Day 153: Freedom in HD


The world is filling up with filmmakers, and I think that’s just grand.  With wider access to powerful tools for creativity and a network to exchange, enjoy and share amateur and independent work, it’s never been easier to make something worth watching.  While there’s less than ever before to hold someone back from becoming the next Scorsese, there are still a few perks that Hollywood’s holding out on.  Exclusivity is the name of Hollywood’s game, and distribution rights are at its center.  Control over who gets to see what and when is the greatest single power left in that big house of cards and the power, and having a finite, physical, secure and governable format to distribute content on is an instrument of power that the entertainment industry has wielded for decades.  Once upon a time, tapes and DVDs piled up in living rooms around the world, and in recent years, Blu-Rays are taking their place, but digital streaming seems like the only real option distributing independent film.  While I’m of the opinion that physical formats will quietly lose their dominance over home entertainment as time goes on, the fact that indie filmmakers are limited in their capacity to distribute physical media serves to show that the scales still have further to tip.  Today’s project is putting more power in the open hands of the independents, and ultimately putting more gorgeous, high-definition movies on our screens.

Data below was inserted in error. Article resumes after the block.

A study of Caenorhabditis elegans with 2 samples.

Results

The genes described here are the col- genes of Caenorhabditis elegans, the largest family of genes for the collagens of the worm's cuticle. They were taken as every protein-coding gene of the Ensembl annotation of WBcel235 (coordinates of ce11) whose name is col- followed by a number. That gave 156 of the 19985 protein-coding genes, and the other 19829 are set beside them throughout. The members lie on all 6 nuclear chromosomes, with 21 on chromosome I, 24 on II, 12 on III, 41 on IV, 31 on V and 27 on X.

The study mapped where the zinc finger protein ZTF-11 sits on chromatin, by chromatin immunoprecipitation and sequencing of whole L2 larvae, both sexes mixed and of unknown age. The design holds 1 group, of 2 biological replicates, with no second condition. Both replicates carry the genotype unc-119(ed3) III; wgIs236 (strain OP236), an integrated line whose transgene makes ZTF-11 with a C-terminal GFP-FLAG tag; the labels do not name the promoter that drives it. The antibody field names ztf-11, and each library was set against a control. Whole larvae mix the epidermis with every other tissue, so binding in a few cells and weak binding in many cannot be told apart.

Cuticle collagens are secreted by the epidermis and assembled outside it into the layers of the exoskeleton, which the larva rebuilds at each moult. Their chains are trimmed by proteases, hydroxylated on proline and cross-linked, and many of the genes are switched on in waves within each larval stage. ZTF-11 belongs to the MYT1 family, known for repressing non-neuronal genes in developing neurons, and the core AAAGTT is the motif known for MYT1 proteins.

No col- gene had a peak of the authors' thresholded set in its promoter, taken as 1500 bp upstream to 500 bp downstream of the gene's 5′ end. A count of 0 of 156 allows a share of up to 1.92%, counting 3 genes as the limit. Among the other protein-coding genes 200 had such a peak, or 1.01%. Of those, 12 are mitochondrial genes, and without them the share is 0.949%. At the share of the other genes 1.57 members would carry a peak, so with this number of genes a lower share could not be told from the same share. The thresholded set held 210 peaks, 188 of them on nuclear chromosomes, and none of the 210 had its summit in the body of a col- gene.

Lib-Ray is a brand new, high-definition movie format designed in the open and with open standards – to enable movie-watching, rather than restrict it.

In April of 2011, after exploring the options for releasing a free culture film project in HD Format and finding it wanting (“Five ideas for escaping the Blu-Ray blues“), I started this project to establish a basic standard for HD video that used existing open standards and would give all of the benefits of DVD or Blu-Ray videos (menus, extras, alternate audio tracks, subtitles, and so on) with none of the restrictions. It would also provide some nice features that DVD and Blu-Ray expressly do not provide, such as metadata for easy integration into archival systems (because the old content industry wants to block that kind of use).

Lib-Ray is not only giving open-source and independent films to reproduce the functions that Hollywood’s had the market cornered on for so long, it’s going above and beyond those features to make independent films a more integrated, engaging, accessible and easier-to-use entertainment experience.  Compatibility issues and regional restrictions be damned!  HD for all!  The next Avatar might not be filmed by a college kid in Arkansas, but with the ability to distribute his work in its full, high-def glory, Lib-Ray is giving him a distribution channel once reserved for James Cameron et al.  Help the whole world watch in HD (and score some very cool looking open-source films) by supporting the development of the Lib-Ray format before this Sunday, June 3.